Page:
To Be Loved
nytheatre.com review by Martin Denton
December 2, 2006
To Be Loved takes place in a vaguely apocalyptic future where most people no longer can read and books and magazines are a rarity, and also where homosexuality has been outlawed and homosexuals have been rounded up and killed. Seigen, a monk, is in love with a teenage boy named Paul, but he is fearful of breaking the law and wants Paul to join his order so that they can live, platonically, as brothers. Paul, who is a prostitute, doesn't want to give up sexual pleasure, though he is also deeply in love with Seigen. When their relationship reaches a kind of stalemate, Paul decides to kill himself, thinking that Seigen will either rescue him or jump off the cliff with him.
But Seigen does neither. Years later, he is still living in this repressive society (I'm not sure if he is still a monk), when he meets a beautiful and bright young woman, also a prostitute, on a bridge. Her name is Anon, but Seigen sees something in her that convinces him that she is Paul, reincarnated. Certain that God or Fate has brought his beloved back to him in the socially acceptable guise of a female, he becomes obsessed with her. Borrowing and then stealing money from a rich woman named Dorian, for whom he serves as a kind of intellectual (and sexual) gigolo, Seigen plots with Anon to steal her away from her "owner," a pimp named Dis who years before earned money as a protege and sexual plaything for Dorian's now-dead father. Meanwhile, a mysterious Smiling Man seems to be bent on killing Anon.
Playwright Alex DeFazio has created a complex and perverse web of indebtedness, guilt, responsibility, and power here, but I'm not entirely certain of the points he is ultimately trying to make. The play's sci-fi futuristic setting (especially the strictures against homosexuality and knowledge) makes it feel like political commentary, but the story line doesn't amplify this theme in any clear way. The play's source material, a Japanese tragedy called The Scarlet Princess of Edo, is echoed in Mark Richard Caswell's kabuki-esque costumes, some of the characters' makeup, and Jody P. Person's deliberate, spare staging. But I'm not sure exactly what we're to make of this aspect of the production, apart from homage.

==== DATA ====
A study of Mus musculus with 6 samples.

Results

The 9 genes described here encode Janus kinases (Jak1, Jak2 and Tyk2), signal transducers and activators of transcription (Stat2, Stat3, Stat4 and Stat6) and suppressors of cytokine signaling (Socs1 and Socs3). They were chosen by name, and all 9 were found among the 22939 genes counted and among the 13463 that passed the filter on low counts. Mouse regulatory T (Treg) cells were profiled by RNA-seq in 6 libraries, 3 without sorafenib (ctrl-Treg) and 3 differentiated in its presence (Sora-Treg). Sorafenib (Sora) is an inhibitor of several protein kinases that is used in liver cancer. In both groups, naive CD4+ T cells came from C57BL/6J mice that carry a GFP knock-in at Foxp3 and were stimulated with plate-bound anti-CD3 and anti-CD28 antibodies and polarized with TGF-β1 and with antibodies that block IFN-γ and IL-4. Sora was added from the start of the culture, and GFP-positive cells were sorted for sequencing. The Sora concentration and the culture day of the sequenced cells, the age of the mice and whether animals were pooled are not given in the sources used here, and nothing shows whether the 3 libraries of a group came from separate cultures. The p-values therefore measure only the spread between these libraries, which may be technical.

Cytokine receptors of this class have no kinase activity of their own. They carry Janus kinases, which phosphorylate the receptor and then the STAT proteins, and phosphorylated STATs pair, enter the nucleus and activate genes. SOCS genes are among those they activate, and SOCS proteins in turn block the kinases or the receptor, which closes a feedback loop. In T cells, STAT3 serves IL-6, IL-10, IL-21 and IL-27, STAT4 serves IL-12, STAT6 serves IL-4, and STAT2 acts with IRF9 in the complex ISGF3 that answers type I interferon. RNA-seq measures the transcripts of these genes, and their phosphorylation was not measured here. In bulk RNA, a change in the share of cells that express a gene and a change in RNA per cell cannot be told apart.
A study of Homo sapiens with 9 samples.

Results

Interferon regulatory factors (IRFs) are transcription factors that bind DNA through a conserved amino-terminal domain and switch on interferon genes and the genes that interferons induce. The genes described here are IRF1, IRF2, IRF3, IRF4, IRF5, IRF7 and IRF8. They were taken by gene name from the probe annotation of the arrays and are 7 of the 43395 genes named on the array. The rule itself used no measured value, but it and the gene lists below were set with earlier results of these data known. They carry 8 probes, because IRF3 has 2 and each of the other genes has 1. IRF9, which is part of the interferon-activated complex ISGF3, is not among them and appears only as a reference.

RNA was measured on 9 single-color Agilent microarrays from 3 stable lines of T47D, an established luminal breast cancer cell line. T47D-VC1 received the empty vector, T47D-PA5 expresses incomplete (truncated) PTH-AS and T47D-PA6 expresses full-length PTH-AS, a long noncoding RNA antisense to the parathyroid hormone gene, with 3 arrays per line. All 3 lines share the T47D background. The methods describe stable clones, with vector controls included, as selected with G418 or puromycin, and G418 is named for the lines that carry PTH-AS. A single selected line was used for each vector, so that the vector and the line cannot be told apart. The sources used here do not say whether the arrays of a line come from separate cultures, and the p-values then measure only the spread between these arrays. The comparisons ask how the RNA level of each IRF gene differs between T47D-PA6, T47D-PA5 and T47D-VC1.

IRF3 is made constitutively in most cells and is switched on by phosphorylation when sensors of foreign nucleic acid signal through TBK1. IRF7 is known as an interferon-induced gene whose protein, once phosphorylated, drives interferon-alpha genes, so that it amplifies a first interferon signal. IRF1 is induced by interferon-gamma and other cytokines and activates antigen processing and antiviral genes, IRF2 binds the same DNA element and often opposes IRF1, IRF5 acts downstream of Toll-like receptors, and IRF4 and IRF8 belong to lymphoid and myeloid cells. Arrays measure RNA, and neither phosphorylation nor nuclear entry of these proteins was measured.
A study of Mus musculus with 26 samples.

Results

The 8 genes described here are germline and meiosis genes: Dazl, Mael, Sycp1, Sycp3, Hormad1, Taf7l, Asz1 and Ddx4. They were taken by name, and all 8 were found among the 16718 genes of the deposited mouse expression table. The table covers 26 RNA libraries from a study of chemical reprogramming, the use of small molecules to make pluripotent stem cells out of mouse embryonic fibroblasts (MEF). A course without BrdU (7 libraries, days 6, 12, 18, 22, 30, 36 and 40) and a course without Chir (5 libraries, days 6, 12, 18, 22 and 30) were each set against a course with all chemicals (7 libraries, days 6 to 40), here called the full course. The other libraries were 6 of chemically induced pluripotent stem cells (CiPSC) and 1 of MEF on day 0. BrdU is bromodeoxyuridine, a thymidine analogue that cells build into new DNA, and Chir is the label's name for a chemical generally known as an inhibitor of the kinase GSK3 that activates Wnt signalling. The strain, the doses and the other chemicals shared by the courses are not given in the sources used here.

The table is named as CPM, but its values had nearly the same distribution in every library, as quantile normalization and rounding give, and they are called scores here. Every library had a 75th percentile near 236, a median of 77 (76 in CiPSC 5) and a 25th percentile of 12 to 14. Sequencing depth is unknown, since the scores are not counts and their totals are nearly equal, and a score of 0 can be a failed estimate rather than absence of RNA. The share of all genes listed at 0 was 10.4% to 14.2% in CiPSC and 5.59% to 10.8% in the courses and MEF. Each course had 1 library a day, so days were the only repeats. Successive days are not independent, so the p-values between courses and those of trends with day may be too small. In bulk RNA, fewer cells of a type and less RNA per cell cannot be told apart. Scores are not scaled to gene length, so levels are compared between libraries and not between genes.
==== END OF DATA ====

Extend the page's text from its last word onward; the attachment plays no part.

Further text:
The cast is anchored by Elizabeth Sugarman as Anon, who delivers the one solid, genuinely engaging performance in the piece; her predicament, torn between a tough but fair pimp, a scary psychopath who's trying to kill her, and a stranger who may be able to save her, is the one that draws the most sympathy. Bobby Abid, as Dis, also offers a well-thought-out portrayal, making Anon's owner recognizable and compelling to us, even as we deplore his treatment of this woman who is his "property."
But Albert Aeed (Seigen) and Kelly Markus (Dorian) don't delineate their characters effectively; we never really get a sense of what's motivating them or how they got to where they are. Admittedly, some of this is also a function of the script itself, which sets itself a very ambitious goal of having to define an entirely alien world but does not succeed in making much of this environment understandable or accessible to the audience. The play also shortchanges the character of Paul, who feels very one-dimensional as portrayed here by Jesse Soursourian. Brian Suffalko and Brady Niederer round out the ensemble as, respectively, Dorian's young manservant Nino and the sinister Smiling Man.
The production suffers more than it deserves to from an inhospitable venue (chashama's East 42nd Street space; difficult to work with under the best of circumstances) that is ill-used by director Person. The stage of this theatre backs directly against the front wall of the building, most of which is given over to a glass window. Typically, shows will cover the window with a black curtain, but for some reason Person has decided to keep the curtain open for much of the play. The result of this is that the audience can see what's happening outside on the street, and passersby can see in. This notion is not explained or exploited in any way other than that we see the Smiling Man outside a couple of times; it's a huge distraction that To Be Loved never overcomes.